As the marketing world braces for the impact of having far less consumer data to work with, with the arrival of Apple’s ATT update, and Google working on similar measures, Google has today announced a new update for Google Analytics which aims to provide campaign response data in a more privacy-friendly way.
Google’s evolving machine learning systems will now be able to model conversions in Google Ads based on past insights and broader response info, in order to provide, essentially, an estimate of audience responses when actual response data is not present.
As explained by Google:
“Later this year, we’ll extend our modeling capabilities to certain reports in Google Analytics 4 properties to enhance your understanding of the customer journey when observed behavioral data is not available. If users don’t consent to analytics cookies, you’ll still be able to generate important customer insights while respecting your users’ privacy preferences.”
For example, Google says that if the data in your ‘User Acquisition’ report is incomplete, its new modeling process will aim to fill the gaps to help provide more perspective on the number of new users your campaigns have acquired.
Which is not perfect, but with more users now opting out of data tracking, and the big tech platforms under increasing pressure to provide more consumer options on this front, this is the situation we’re in, and with data modeling, you may be able to negate at least some of the impacts, based on Google’s advanced understanding of response behaviors and trends.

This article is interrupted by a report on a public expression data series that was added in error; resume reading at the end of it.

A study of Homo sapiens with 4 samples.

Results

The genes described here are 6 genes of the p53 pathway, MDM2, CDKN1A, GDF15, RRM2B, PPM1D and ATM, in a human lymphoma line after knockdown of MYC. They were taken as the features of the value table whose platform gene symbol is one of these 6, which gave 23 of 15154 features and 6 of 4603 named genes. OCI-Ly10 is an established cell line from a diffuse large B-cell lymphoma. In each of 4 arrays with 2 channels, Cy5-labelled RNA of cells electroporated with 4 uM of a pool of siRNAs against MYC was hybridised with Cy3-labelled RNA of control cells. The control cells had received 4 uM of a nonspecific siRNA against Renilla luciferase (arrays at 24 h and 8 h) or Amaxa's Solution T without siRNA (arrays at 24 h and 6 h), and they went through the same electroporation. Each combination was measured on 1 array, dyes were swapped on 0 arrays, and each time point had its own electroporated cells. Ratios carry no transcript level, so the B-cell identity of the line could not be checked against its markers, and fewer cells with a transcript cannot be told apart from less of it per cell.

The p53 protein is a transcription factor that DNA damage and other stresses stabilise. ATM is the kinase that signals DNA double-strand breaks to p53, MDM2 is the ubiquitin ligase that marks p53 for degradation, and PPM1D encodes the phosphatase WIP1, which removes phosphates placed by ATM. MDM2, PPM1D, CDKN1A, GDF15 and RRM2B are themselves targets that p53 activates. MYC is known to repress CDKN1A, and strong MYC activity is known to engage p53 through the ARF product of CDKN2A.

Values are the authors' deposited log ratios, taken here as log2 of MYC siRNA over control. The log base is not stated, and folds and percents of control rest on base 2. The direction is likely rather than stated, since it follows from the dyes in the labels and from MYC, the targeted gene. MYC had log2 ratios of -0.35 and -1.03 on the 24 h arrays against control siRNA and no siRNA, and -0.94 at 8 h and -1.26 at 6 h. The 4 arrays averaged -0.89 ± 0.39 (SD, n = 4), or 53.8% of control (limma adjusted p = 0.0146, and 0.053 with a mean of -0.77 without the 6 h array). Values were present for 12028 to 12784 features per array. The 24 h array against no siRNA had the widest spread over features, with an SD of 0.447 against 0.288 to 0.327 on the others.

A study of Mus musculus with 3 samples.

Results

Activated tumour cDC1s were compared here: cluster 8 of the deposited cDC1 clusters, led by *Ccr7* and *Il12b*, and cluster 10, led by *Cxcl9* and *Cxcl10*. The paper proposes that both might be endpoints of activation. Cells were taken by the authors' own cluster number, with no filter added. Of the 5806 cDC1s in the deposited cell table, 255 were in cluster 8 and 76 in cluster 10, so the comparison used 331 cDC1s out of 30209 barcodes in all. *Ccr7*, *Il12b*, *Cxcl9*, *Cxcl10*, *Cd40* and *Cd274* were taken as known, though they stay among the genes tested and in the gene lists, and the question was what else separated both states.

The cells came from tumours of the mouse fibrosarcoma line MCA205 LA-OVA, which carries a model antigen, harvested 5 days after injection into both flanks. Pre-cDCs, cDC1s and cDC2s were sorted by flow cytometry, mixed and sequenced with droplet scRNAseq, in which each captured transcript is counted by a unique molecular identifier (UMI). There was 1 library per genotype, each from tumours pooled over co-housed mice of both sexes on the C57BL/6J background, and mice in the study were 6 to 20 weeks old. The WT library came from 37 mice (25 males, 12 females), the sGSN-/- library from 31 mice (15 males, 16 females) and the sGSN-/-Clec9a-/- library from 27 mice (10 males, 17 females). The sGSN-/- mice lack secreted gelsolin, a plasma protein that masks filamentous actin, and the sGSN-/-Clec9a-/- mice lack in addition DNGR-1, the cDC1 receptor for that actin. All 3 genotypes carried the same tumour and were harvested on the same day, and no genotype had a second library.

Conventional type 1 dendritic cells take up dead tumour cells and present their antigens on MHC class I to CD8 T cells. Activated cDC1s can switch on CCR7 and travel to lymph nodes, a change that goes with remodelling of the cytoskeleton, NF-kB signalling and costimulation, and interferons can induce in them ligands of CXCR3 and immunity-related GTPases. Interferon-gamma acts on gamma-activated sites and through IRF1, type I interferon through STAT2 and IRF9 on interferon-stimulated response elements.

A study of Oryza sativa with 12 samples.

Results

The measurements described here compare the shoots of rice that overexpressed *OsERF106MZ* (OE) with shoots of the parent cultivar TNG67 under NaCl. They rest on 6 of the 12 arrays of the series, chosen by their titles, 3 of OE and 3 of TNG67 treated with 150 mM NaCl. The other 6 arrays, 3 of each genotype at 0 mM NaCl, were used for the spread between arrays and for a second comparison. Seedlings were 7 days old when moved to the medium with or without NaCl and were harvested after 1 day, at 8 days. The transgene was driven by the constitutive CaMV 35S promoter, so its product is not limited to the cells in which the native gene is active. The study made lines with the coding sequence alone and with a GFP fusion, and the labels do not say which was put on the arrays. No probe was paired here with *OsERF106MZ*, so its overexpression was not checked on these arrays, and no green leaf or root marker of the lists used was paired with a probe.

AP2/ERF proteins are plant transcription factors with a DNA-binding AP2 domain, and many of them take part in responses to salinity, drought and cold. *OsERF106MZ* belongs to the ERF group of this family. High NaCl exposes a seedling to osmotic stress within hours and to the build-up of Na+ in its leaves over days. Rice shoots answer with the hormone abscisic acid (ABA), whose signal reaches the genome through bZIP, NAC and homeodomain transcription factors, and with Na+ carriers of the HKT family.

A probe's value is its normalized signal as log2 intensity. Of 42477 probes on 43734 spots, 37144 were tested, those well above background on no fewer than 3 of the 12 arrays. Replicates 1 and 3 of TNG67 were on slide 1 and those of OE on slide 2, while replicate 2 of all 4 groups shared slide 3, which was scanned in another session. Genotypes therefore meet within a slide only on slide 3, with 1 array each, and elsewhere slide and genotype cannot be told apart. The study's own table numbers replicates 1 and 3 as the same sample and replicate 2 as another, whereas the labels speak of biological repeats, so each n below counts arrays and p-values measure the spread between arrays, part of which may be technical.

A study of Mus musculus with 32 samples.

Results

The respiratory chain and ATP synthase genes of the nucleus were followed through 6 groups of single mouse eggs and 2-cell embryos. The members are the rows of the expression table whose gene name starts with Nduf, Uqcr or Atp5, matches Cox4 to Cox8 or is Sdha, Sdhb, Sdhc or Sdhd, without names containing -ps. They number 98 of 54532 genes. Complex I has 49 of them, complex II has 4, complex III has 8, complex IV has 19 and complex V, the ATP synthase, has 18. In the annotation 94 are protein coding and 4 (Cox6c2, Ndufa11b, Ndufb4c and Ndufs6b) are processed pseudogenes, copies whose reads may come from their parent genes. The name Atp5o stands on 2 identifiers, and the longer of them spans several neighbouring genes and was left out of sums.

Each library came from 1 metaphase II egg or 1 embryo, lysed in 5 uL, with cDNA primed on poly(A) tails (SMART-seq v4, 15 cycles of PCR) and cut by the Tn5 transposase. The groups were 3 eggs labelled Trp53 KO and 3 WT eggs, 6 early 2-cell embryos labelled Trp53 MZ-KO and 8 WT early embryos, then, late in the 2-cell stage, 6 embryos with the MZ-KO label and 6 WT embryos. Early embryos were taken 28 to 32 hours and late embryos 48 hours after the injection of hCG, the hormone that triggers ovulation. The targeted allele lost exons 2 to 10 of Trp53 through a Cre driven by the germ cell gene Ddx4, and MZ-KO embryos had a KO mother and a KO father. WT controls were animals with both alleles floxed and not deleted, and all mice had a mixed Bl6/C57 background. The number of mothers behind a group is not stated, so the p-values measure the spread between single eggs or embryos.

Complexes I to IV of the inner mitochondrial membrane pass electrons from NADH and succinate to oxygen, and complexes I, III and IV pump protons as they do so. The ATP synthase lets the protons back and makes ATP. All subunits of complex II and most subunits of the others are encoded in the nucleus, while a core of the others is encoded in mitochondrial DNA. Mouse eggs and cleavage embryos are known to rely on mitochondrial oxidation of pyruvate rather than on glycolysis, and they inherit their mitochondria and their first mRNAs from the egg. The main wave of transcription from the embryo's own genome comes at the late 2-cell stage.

In addition to this, Google is adding some new reporting options within Google Analytics.
First off, Google notes that in the new Google Analytics format, users will now be able to more easily access relevant reports in the left-hand sidebar in the app.
That will make it easier to see the various reporting options available, and quickly access more in-depth data based on your insights.
Google has also updated the Advertising Workspace, which will now provide a quick snapshot of key performance measures. Users can tap through for deeper insights.
Google’s also added some new elements to the Reports element:
“For the first time, within the Reports Workspace, users with admin access will be able to curate the Analytics interface and reports to suit the specific needs of their teams. Admins can make simple edits to existing reports or even create entirely new custom reports. They can also customize the left navigation to group reports into collections, and create custom overviews to highlight information.”
That will make it easier for team collaboration, and to ensure that all staff remain focused on key tasks.
Google’s also added two new attribution reports – ‘Conversion Paths’ and ‘Model Comparison’.
The ‘Conversion Paths’ report will enable businesses to view their customer journey by channel, while it also includes a new ‘conversion credit visualization’ to help provide more insight into ROI by channel.
The ‘Model Comparison’ report, meanwhile, will enable businesses to assess campaign performance using various attribution models, and compare how each affects the value of your marketing channels.
All of these features do have a level of advanced understanding to them, but for those that are looking to get more insight into user behaviors, while also navigating the new privacy impacts, these could be beneficial to your process.
You can read more about the latest Google Analytics updates here.